We have to remember the great dialectal gulf that separates Yorkshiremen in the North and East Ridings from the more industrial West Riding. Ellis (1992)

In 1950, Rohrer raised the question as to the location of the border between the Northern and North Midland dialects. He cites the investigations of Stead (1906) and Sheard (1945) whose opinions as to the siting of the boundary differed (see map).

(After Rohrer , 1950)

Having conducted his own research in the area encompassing both boundaries Rohrer found that, although both Stead and Sheard had each drawn his border more or less accurately, each had not only used different criteria but also failed to state clearly what they were. Rohrer concluded that there is no clear cut demarcation between the dialects of the NER and the WR but rather a broad belt in which the inhabitants use, in Rohrer's words, a 'buffer dialect'. That is to say that they will use a Northern form for one word but a North Midlands form for another. Rohrer cites as an example Whitgift near Goole where he encountered the North Midland forms for stone and spoon [stoo-an, spoo-in] but the Northern forms of throat and mouse [throo-at, moos] (Rohrer, 1950: 29, 33-5). Wakelin (1977: 105) attributes this blurring of boundaries to phonological loans between dialects and the influence of Received Pronunciation. Furthermore it should be noted that the border between the North and North Midland dialects is not static. There is evidence to suggest that the latter has been moving northwards for some time (Rohrer, 1950: 35).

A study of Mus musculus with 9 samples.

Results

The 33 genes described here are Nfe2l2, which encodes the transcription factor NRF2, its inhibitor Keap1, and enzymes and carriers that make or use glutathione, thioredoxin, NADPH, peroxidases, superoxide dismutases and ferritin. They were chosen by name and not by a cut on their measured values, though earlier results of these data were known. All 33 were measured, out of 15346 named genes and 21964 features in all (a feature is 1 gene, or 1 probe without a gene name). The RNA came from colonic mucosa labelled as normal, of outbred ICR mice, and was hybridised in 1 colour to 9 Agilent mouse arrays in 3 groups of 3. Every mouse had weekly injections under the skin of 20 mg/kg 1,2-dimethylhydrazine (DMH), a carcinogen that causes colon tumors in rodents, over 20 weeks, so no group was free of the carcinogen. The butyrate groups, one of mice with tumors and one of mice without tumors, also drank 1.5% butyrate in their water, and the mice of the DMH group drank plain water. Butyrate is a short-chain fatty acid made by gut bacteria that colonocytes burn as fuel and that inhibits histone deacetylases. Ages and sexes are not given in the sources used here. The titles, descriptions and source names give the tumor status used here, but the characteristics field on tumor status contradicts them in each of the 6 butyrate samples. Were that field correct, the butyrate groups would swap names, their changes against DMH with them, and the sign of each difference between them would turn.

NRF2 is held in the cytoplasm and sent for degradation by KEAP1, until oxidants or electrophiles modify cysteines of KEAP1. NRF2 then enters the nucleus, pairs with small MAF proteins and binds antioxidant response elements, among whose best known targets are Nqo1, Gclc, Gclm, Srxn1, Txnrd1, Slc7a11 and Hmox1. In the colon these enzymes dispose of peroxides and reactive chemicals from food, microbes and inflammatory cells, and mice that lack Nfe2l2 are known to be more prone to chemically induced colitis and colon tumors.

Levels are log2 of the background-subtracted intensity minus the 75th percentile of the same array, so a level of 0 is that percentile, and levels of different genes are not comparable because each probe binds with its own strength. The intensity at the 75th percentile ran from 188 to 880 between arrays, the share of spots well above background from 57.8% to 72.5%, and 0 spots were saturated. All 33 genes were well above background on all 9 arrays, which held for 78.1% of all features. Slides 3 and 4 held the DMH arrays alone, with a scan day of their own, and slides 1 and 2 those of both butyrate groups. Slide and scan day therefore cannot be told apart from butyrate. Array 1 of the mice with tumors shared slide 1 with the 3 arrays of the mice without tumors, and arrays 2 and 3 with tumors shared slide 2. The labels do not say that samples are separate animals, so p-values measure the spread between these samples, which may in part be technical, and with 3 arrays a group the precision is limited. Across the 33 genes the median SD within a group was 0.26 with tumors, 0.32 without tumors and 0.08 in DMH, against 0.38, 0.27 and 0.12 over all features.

Ellis, S. (1992) 40 Years On: Is Dialect Dead? In Transactions of The Yorkshire Dialect Society, Vol. XVIII, Part XCII.

Rohrer, F. (1950) The Border between the Northern and North-Midland Dialects in Yorkshire. In Transactions of The Yorkshire Dialect Society, Vol. VIII, Part L.

Wakelin, M. F. (1977) English Dialects: An Introduction, Revised Edition, London: The Athlone Press, University of London.